July 21, 2003

Escalating violence in Liberia — Sam Olukoya
Annan asks Secuirty Council to endorse interim Iraqi Council — Susan Wood
Former Guantanamo detainee intends to sue US – Masror Hausen
Justice Dept reports says employees violated civil rights of Patriot Act detainees — Karen Engle

Bush Calls for More International Presence in Iraq (3:47)
Today another US soldier was killed along with an Iraqi interpreter, bringing the total number of US military deaths in Iraq to 38 since President Bush declared May 1 the end of combat. And at his ranch in Crawford, Texas, Bush responded to the news of additional US casualties by calling for more international presence in Iraq during his meeting with Italian Prime Minister, Silvio Berlusconi, this as the controversy over the US president’s pre war claim that Iraq was in the process of procuring uranium from Niger is putting renewed attention on other now debunked claims the white house made in the run up to the Iraq invasion. However, progressive media outlets covering the run up to the war are wondering why the White House evidence on Iraq is only now coming under mainstream media scrutiny. Josh Chaffin reports from DC.

Inquiry Open in Death of Weapons Inspector Dr. Kelly  (1:03)
An inquiry is opened today in to the death of Dr. David Kelley and the BBC confirms that he was the main source for a controversial report alleging that the British government exaggerated the threat posed by Saddam Hussein in a dossier published last September. Ama Buadi reports from England.

South Korean President Denies North Korea Built a Second Plant for Plutonium  (3:02)
South Korea’s President used the word “groundless” today to describe a New York Times report quoting senior US and Asian intelligence officials saying strong evidence has emerged indicating North Korea has built a second secret plant for plutonium, a key ingredient for building nuclear bombs. South Korean President Noh Muh Young’s spokesperson told reporters the Times report was quote “low in reliability” and said Noh “expressed concern about the phenomenon of unclear and groundless media reports throwing cold water” on South Korea’s economy. The statement comes amid renewed hopes for a negotiated settlement of the North Korean nuclear crisis as Aaron Glantz and Ngoc Nguyen report from Seoul.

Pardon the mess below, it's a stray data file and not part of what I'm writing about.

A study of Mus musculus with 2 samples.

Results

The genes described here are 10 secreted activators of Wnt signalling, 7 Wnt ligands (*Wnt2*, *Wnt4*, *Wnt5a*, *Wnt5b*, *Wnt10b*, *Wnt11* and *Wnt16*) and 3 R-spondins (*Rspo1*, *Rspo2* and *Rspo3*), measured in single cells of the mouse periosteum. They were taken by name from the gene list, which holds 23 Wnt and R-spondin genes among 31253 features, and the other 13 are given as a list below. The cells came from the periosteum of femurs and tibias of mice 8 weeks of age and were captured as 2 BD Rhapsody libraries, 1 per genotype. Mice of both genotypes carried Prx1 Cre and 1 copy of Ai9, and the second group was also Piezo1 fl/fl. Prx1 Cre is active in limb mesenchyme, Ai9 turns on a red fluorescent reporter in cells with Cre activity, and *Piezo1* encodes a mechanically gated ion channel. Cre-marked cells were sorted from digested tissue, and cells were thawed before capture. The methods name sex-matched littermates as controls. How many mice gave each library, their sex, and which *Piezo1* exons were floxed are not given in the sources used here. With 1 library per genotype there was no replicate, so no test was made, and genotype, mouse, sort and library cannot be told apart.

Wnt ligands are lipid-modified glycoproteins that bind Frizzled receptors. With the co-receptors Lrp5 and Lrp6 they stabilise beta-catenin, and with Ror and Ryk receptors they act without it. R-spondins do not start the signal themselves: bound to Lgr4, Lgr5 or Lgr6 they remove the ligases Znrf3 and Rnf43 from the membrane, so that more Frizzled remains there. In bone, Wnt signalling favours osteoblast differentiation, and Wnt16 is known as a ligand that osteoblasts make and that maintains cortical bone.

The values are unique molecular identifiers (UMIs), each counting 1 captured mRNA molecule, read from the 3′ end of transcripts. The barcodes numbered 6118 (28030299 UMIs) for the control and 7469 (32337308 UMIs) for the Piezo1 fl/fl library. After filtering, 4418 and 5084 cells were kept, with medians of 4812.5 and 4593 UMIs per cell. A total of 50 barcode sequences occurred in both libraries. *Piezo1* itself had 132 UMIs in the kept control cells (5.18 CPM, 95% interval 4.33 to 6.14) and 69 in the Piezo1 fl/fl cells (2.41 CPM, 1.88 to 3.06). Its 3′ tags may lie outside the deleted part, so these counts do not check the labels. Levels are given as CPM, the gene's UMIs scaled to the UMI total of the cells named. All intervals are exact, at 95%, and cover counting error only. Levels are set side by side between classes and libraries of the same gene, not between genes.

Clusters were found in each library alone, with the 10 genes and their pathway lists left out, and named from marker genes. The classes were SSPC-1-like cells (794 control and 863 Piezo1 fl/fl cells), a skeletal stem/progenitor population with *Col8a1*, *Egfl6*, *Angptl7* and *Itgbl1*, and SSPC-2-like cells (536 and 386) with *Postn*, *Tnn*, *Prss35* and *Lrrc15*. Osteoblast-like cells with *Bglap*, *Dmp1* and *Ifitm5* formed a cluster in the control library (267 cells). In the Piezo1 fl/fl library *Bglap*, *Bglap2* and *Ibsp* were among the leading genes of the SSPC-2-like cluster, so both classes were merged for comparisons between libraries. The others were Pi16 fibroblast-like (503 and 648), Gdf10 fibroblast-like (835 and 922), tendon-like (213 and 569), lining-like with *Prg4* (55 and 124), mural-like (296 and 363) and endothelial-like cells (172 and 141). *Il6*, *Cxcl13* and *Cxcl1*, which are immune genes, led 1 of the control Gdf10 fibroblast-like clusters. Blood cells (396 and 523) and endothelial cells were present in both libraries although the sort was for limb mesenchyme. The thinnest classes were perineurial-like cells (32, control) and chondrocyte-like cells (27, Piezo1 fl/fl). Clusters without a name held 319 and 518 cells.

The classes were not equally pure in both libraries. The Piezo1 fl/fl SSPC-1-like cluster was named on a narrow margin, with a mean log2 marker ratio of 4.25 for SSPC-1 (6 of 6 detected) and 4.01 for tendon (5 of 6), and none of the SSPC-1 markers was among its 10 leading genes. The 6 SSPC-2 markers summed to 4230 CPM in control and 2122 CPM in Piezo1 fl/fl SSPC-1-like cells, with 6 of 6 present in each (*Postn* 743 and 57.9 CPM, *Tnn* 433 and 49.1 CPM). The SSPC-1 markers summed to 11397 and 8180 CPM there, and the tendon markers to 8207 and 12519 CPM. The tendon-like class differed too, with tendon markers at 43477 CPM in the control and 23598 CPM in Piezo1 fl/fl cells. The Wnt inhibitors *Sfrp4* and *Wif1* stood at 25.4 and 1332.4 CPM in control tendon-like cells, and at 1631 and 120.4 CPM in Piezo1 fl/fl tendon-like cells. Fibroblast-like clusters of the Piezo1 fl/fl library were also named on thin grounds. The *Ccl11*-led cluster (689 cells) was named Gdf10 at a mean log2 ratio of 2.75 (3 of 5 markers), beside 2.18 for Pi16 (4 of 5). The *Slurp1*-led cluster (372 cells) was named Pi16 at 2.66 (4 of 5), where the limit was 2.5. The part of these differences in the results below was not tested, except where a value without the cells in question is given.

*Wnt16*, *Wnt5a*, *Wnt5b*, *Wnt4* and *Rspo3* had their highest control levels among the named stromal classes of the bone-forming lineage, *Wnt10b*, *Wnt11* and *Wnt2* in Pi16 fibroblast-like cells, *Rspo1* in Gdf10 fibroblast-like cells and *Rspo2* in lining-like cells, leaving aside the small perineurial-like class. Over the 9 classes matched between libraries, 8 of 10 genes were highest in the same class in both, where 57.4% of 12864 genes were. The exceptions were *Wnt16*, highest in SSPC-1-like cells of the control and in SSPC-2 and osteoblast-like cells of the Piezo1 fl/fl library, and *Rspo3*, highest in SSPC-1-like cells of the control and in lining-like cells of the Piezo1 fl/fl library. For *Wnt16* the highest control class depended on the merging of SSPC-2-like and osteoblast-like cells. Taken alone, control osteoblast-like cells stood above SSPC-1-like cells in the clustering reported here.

Arab-Americans Under Attack in Chicago  (4:04)
Recently, a federal magistrate denied bond to suburban Chicago newspaper publisher Khaled Abdel-Latif Dumeisi, who has been charged with acting as an unregistered agent of a foreign country — Iraq. However members of Chicago’s Palestinian community say the charge is nakedly political, and note that the last time this type of case was prosecuted in the area was more than 40 years ago, when federal officials charged a man rumored to be a member of the Communist Party with being a foreign agent of the Soviet Union. Chris Geovanis reports from Chicago.

Mexican Police Accuse American Woman of Murder  (3:47)
An American citizen living in Mexico is alleging that she is being framed by Mexican police for the murder of a teenage girl in Chihuahua city. The case of Cynthia Kiecker is one of the stranger twists in the long string of women’s murders that have haunted Northern Mexico for the past decade. FSRN reporter Kent Paterson interviewed Kiecker and has this exclusive report.

Meeting African Leaders Affirm Women’s Rights (3:45)
Over the weekend, 4 years after Libyan president Maa-mar Khaddafi announced the idea of an “Africa Union”  African presidents gathered in Maputo for the second summit of the institution. Issues discussed among the leaders was situation in Liberia, the Democratic Republic of Congo, and Cote D’ivoire. With the leaders affirming the right of women to participate in the building of their continent. From Senegal, Ndiaga Seck reports.